Lion Air jet’s airspeed indicator malfunctioned on 4 flights
JAKARTA, Indonesia — The “black box” data recorder from a crashed Lion Air jet shows its airspeed indicator malfunctioned on its last four flights, investigators said Monday, just hours after distraught relatives of victims confronted the airline’s co-founder at a meeting organized by officials.
National Transportation Safety Committee chairman Soerjanto Tjahjono said the problem was similar on each of the four flights, including the fatal flight on Oct. 29 in which the plane plunged into the Java Sea minutes after taking off from Jakarta, killing all 189 people on board.
Erratic speed and altitude on the plane’s previous flight, from Denpasar on Bali to Jakarta, were widely reported and “when we opened the black box, yes indeed the technical problem was the airspeed or the speed of the plane,” Tjahjono told a news conference. “Data from the black box showed that two flights before Denpasar-Jakarta also experienced the same problem,” he said. “In the black box there were four flights that experienced problems with the airspeed indicator.”
Indonesian investigators, the plane’s manufacturer, Boeing, and the U.S. National Transportation Safety Board are formulating a more specific inspection for Boeing 737 MAX 8 planes related to the airspeed problem, Tjahjono said.
“If there are urgent findings to be delivered, we will convey them to the operators and to the manufacturer,” he said.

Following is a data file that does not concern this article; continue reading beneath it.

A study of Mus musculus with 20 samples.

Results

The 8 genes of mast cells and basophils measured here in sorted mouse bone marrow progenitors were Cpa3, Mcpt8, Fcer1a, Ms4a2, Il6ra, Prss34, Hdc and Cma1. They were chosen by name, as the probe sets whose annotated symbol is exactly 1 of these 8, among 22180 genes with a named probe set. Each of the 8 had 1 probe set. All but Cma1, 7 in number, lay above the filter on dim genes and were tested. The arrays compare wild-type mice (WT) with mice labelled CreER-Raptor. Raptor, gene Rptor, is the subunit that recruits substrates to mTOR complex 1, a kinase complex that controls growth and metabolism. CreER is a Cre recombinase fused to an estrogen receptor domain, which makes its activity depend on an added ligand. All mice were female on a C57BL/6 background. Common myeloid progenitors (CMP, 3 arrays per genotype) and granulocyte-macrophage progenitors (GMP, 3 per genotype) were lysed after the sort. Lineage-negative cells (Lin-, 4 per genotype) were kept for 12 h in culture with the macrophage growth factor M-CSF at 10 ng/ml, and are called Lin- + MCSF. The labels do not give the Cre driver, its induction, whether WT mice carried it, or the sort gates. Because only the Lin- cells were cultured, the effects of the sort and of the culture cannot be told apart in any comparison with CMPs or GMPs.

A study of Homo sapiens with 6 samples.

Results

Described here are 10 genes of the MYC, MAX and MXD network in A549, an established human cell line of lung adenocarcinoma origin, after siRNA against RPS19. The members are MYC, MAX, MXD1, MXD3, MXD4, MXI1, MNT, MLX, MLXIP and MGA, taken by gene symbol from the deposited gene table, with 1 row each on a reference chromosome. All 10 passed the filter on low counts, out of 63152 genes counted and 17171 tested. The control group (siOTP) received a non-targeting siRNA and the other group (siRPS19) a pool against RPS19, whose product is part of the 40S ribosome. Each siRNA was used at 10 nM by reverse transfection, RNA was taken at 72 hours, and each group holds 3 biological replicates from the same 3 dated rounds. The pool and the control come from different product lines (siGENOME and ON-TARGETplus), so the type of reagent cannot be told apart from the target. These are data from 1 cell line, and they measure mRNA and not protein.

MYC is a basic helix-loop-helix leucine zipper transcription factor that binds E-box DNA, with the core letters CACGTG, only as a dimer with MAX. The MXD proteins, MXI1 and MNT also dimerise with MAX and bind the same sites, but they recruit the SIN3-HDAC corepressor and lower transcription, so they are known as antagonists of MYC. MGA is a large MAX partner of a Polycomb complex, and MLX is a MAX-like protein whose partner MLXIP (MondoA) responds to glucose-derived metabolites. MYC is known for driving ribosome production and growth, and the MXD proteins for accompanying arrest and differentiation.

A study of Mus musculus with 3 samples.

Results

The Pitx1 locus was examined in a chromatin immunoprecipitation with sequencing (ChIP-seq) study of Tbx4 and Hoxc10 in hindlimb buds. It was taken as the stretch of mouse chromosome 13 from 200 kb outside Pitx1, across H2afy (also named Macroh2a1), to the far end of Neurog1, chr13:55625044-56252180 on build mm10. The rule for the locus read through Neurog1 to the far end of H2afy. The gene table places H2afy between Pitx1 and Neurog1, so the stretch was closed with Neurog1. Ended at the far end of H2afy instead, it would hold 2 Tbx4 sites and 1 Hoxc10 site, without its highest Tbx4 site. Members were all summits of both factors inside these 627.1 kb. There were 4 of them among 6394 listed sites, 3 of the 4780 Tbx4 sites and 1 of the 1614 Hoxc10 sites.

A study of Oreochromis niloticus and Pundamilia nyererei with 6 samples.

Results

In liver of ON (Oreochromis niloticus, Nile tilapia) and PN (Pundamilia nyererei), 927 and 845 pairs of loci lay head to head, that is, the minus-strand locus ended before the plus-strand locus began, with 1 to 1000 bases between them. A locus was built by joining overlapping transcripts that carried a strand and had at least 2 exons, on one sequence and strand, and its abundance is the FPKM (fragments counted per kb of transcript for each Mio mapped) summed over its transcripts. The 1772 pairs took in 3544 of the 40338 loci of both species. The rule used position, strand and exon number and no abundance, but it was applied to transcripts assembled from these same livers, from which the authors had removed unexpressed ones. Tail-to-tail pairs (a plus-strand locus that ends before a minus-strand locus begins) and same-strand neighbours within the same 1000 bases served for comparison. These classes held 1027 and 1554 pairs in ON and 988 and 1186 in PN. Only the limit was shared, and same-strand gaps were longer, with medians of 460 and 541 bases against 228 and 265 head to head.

Lion Air has said a technical problem with the jet was fixed after problems with the Bali to Jakarta flight.
Investigator Nurcahyo Utomo said investigators need to review maintenance records, including what problems were reported, what repairs were done including whether components were replaced, and how the repairs were tested before the 2-monthold plane was declared airworthy.
“Currently we are looking for the cause of problem,” he said “Whether the trouble came from its indicator, its measuring device or sensor, or a problem with its computer. This is what we do not know yet and we will find it out,” he said.
At the meeting with family members, Tjahjono had said that information downloaded from the jet’s flight data recorder was consistent with reports that the plane’s speed and altitude were erratic after takeoff on its final flight.
Searchers are still trying to locate the cockpit voice recorder.
Rusdi Kirana, Lion Air’s co-founder, was not invited to speak by Transport Minister Budi Karya Sumadi, who moderated the meeting between relatives and the officials who are overseeing the search effort and accident investigation.